It was wheels up at 7:00am from Ottawa, connecting through Toronto and then onto a long flight around the world to my final, and hopefully long term, destination: Hong Kong. The flight was superb, but rather than focus on how 15 hours of my life was, I'd rather talk about how I see the next couple years unfolding in a new, and very different, city.
First though, some perspective, I was born and have lived the past 30 years in Ottawa. Ottawa is geographically flat with an area roughly 5300 square kilometers and a population of 1.1 million. It doesn't sit on any major waterways, and thus doesn't have a port. It isn't a flight hub - the airport is small but modern. There are no major roads, save our part of the transcanada highway. The tallest commercial or resendential buildings typically sit in the very low 30 floors. The weather can swing from -40C in the winter to 40C in the summer. People love their space and the city loves its heritage, thus suburbs are growing further and further away from the core. Aside from the insane temperature (truly Ottawa must be on a short list of temperature swings for large cities), and the dependence on federal bureaucracy for survival (Ottawa is Canada's capital), Ottawa is, relatively speaking, an great city.
The first thing you notice when you fly into Hong Kong are the mountains covered with lush vegetation. The ocean is peppered with pyramid-like mountains covered in foliage, as are the shores - regardless of which direction you are looking. The rich shades of green are almost foreign to my eyes, as are the mountains which largely remain undeveloped. The next thing you notice are the size of the ships - they are huge - especially if, like I, you haven't spent much time in a city with a major port.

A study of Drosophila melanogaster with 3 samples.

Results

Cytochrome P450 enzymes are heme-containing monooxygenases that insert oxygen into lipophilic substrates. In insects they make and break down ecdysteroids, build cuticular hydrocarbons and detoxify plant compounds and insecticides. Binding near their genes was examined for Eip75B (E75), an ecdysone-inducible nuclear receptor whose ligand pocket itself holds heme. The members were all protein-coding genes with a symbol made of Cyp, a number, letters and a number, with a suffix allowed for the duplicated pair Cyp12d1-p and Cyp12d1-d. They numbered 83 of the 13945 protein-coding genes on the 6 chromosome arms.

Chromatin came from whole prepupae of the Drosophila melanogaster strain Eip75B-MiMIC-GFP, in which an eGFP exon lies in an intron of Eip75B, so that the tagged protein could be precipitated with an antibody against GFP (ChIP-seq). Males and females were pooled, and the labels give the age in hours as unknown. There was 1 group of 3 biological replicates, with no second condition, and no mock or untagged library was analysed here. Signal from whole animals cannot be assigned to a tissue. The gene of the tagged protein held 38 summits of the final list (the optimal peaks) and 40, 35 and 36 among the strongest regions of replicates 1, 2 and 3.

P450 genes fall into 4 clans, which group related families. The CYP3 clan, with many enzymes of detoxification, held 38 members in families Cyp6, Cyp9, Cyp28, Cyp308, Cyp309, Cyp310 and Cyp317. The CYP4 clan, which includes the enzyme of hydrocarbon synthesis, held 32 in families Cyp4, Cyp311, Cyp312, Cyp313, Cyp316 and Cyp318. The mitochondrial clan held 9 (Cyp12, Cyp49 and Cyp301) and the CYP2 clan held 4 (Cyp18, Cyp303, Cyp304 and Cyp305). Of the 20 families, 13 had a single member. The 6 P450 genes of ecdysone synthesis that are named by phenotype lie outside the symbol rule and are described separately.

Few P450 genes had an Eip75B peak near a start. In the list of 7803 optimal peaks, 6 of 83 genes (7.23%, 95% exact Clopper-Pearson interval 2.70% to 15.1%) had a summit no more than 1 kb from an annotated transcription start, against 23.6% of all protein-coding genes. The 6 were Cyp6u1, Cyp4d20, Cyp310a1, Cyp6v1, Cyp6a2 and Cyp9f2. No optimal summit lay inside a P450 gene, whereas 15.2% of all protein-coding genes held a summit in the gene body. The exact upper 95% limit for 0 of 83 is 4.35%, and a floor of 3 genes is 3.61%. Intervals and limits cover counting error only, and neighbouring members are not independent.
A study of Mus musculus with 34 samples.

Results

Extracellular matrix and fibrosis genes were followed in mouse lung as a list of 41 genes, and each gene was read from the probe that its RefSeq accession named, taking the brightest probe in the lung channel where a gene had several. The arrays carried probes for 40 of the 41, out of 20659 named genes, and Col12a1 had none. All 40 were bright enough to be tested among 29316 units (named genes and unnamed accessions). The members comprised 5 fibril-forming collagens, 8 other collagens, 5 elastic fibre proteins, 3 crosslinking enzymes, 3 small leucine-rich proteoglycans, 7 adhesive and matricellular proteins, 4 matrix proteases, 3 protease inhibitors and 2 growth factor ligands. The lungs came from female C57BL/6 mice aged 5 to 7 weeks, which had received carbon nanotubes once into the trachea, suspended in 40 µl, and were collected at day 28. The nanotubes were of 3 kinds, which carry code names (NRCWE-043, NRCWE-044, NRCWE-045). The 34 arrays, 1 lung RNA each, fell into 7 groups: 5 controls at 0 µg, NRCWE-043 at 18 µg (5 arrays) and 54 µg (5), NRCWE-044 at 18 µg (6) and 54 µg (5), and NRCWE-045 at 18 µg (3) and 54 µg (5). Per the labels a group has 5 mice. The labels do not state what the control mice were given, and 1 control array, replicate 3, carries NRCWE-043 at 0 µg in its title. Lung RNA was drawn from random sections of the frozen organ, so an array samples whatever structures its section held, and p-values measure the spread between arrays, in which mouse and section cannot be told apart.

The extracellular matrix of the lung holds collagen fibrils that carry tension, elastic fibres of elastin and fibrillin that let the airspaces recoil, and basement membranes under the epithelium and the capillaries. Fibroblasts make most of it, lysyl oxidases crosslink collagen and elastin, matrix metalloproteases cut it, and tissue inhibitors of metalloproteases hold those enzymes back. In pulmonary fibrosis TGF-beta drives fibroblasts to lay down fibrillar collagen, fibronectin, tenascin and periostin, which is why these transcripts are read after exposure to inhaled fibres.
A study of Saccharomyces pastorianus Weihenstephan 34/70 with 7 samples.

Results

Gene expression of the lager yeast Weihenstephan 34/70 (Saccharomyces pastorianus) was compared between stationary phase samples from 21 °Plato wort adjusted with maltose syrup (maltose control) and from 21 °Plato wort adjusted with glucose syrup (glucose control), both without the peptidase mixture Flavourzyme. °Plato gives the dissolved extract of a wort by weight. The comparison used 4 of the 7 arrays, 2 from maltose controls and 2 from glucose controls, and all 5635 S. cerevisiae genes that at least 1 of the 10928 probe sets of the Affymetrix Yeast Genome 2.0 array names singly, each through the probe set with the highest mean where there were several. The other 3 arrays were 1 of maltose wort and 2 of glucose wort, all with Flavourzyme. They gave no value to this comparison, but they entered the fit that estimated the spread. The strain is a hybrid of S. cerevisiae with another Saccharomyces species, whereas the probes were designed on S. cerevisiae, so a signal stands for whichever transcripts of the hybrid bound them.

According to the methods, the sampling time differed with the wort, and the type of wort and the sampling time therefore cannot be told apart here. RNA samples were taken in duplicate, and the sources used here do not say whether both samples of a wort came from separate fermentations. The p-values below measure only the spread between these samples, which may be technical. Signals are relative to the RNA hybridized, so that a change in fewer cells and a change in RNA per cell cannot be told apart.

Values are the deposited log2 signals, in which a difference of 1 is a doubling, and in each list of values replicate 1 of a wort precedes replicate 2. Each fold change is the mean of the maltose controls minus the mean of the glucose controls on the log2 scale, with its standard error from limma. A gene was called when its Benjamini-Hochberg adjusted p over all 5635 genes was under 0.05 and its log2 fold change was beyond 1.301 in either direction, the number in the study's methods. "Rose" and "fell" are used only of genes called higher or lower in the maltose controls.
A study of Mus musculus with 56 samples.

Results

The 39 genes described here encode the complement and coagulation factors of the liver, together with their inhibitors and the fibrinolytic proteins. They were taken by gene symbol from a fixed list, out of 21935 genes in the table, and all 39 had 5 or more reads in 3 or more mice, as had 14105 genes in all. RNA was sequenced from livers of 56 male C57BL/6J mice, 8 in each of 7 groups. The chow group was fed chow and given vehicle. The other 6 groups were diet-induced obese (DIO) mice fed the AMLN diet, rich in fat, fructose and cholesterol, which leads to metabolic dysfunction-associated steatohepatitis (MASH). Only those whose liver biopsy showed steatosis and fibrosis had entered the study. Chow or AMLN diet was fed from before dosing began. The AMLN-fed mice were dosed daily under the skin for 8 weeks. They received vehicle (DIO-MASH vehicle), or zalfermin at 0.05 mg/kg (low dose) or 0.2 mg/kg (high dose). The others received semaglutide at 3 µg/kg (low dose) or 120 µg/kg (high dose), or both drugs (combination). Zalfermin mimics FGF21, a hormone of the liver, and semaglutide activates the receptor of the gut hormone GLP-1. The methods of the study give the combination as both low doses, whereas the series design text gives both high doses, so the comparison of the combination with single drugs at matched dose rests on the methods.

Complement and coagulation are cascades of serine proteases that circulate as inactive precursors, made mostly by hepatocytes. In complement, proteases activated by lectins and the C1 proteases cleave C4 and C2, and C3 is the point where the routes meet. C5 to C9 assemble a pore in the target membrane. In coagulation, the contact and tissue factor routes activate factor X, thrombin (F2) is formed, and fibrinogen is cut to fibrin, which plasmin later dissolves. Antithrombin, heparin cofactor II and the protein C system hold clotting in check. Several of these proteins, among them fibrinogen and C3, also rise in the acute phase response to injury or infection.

As you approach, you'll notice groups of identical looking buildings (sometimes as many as 7), which, even from a distance, stand unnaturally tall. In Ottawa we have rows and rows of similar looking houses - in Hong Kong they have blocks of identical high rises. Even the obviously poor buildings look impressive. And all of it seems nestled within an endless mountain range. It almost feel like someone's using a green screen to superimpose a city on a national park.
As soon as you get off the plane, you'll notice something else: humidity and heat. Ottawa folk often complain that while it may get hotter in the US, US heat is dry and thus more comfortable. Compared to Hong Kong, Ottawa heat is dry. Today, an average Hong Kong summer day is easily as muggy as the worst day I've felt in Ottawa. I obviously need thinner clothes and time to adjust. Once you come to grasp with the humidity (and the airport doens't seem particulary well air-conditioned, so it does get better inside), you'll start to smell the ocean in the air - certainly something us mainlanders notice. Its beautiful.
Then comes the drive into the city and you see that the huge ships are nothing compared to the docks. Surely there are bigger docks in the world, but the cargo containers seem to number in the low hundreds of thousands and the cranes in the high hundreds. Its stupidly awesome.
You might also notice that a significant portion of your drive, more than 50% depending on where you are going, is either on a bridge, elevated road, or a tunnel. Your either above water, above the city, or in a mountain. I'm genuinely surprised that I haven't seen a show about Hong Kong's roads on Discovery.
Finally you'll get to your destination. I haven't travelled at all to tell you for sure what you'll find in your area. For me, its narrow roads and steep hills. Narrow sidewalks and food vendors (wet markets) at every step. Construction and lots of it. It isn't just more populated than Ottawa, its also tighter - but it isn't unbearable, you aren't shoulder to shoulder. A lot of buildings are also older and in worse shape than I expected - but with rent the way it is and a massive labour force, these buildings likely serve an important purpose. Also, people are careless for the environment...doorless stores have their A/C on full blast, and there appears to be no residential recycling program.
That's what I noticed anyways. Unfortunately, where I'm living for the next month doesn't provide me with a view of the mountains, or the vegetation, or the ocean - but you can bet that's getting added to the list of must-haves when I start looking for a permanent place.